Renewable energy in China: status and future prospects / Christhian Rengifo
AuthorRengifo, Christhian
CensorResch, Gustav
PublishedWien, 2017
Description94 Blätter : Illustrationen, Diagramme, Karten
Institutional NoteTechnische Universität Wien, Master Thesis, 2017
LanguageEnglish
Document typeMaster Thesis
Keywords (DE)Energy / China / Renewable / Electricity / Feed-In Tariff
URNurn:nbn:at:at-ubtuw:1-105162 Persistent Identifier (URN)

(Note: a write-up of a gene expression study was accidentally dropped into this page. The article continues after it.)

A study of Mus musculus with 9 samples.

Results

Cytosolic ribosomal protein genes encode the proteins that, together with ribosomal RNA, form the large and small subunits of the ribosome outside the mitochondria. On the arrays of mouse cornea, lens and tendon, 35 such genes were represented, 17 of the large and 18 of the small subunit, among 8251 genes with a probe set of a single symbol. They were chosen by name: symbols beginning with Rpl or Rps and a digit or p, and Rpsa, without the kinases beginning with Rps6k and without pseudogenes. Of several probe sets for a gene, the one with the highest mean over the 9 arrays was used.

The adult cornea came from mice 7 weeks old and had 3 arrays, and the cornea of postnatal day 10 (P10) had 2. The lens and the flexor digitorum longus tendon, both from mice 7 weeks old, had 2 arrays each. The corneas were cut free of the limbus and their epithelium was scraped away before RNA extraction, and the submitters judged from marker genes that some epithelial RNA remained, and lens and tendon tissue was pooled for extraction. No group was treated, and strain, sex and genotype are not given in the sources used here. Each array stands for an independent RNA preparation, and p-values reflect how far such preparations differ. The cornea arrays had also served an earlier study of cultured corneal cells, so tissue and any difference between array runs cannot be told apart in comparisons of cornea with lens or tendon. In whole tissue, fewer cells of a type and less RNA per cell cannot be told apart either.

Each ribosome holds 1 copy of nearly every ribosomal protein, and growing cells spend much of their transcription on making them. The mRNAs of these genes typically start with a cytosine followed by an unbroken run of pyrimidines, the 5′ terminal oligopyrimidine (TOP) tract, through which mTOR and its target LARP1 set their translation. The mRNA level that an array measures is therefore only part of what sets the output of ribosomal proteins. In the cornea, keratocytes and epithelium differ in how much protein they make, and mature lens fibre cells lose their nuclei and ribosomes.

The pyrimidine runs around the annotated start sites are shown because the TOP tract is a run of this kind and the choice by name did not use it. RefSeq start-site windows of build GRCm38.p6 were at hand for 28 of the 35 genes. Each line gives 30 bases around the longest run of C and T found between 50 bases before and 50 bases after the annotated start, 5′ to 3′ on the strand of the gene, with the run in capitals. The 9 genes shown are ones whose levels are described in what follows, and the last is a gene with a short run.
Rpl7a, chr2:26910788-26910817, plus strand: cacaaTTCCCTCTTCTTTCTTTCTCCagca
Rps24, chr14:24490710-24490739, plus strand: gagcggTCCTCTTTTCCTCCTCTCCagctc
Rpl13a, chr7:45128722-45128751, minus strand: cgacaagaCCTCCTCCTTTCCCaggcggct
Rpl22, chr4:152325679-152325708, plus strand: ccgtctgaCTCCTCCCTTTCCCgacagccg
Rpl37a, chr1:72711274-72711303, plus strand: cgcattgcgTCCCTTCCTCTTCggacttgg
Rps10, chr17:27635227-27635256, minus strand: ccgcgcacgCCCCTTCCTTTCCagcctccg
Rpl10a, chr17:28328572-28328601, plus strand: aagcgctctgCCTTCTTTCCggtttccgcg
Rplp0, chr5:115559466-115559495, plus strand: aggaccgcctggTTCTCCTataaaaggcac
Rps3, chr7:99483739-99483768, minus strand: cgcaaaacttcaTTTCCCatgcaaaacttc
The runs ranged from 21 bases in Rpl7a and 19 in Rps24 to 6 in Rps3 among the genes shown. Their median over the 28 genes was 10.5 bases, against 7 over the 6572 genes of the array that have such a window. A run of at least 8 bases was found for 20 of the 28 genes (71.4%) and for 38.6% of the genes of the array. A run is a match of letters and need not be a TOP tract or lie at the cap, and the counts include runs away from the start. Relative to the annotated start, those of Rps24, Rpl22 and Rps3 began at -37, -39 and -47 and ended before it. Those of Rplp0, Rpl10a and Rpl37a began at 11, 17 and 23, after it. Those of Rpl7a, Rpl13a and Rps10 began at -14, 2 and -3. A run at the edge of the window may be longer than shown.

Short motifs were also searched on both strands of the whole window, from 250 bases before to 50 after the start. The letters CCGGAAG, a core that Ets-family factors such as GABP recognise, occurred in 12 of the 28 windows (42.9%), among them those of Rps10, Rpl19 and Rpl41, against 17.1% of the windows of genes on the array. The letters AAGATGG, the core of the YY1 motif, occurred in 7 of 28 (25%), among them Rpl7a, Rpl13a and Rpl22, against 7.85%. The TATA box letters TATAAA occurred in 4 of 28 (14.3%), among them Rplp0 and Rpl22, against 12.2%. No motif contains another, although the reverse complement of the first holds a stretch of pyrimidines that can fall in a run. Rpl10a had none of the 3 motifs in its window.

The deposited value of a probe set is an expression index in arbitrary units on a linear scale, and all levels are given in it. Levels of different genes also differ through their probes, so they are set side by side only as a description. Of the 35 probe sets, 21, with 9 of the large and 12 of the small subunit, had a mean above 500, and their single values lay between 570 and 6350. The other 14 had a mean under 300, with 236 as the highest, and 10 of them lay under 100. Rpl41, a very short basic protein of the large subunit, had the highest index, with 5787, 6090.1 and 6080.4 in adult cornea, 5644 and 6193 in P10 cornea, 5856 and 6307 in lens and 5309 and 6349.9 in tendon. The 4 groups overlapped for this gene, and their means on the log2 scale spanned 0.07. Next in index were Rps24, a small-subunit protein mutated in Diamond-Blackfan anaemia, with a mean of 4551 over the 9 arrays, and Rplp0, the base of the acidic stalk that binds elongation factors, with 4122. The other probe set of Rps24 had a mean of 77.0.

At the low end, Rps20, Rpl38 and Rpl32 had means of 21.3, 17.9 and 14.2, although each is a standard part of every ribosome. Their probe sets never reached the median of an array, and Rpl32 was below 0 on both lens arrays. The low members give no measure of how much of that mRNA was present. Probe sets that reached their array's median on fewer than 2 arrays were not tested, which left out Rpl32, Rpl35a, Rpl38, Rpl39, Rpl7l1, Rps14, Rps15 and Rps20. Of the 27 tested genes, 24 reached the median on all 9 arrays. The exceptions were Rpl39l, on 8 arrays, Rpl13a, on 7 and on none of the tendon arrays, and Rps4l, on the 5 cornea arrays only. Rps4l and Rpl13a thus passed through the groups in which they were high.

The objective of this work is to analyse the current status of the Chinese renewable energy program (wind power and solar PV) and outline its future prospects. In this context, one particular endeavour of this work has been to discuss China not only at the macro level (i.e. China as a single unit), but also to discuss the different financial and technical realities of the wind and solar PV sectors at the provincial level. This work will use a combination of quantitative and qualitative data for the analysis of the countrys renewable energy program. The quantitative analysis will cover areas such as power demand/supply dynamics, electricity capacity and production, Feed-in Tariff costs, and other factors regarding the economics of renewable energy. The qualitative analysis mainly covers the areas related to environmental and energy policies, including the latest reforms of the power sector. ^This work has been able to identify the unique features of the Chinese renewable energy program and further research should be undertaken in order improve the understanding of renewable energy development in China and the complexity of its national and provincial system for developing wind and solar PV. In the last ten years, China has made major progress in the deployment of wind power and solar PV capacity and it will likely meet or surpass its 2020 targets for these power sources. There are, however, several challenges ahead for the deployment of these electricity sources. China is not only planning to increase renewable energy capacity to its electricity mix by 2020 and beyond, but it is also expanding the capacity of nuclear, hydro, natural gas, and to a lesser extend coal. As Chinas is experiencing power overcapacity, the constant expansion of electricity production does not seem to be the best way forwards for the country. ^The government is, nevertheless, trying to address the overcapacity issue and other related challenges and has introduced several pieces of legislation to reform the Chinese electricity market. Many of these reforms have just started to be implemented or will start soon. It is therefore too early to predict how they will affect the electricity market in general and the wind power and solar PV markets in particular. What is clear though is that the Chinese government has taken the policy decision to move away from coal and deploy sources with lower CO2 emissions.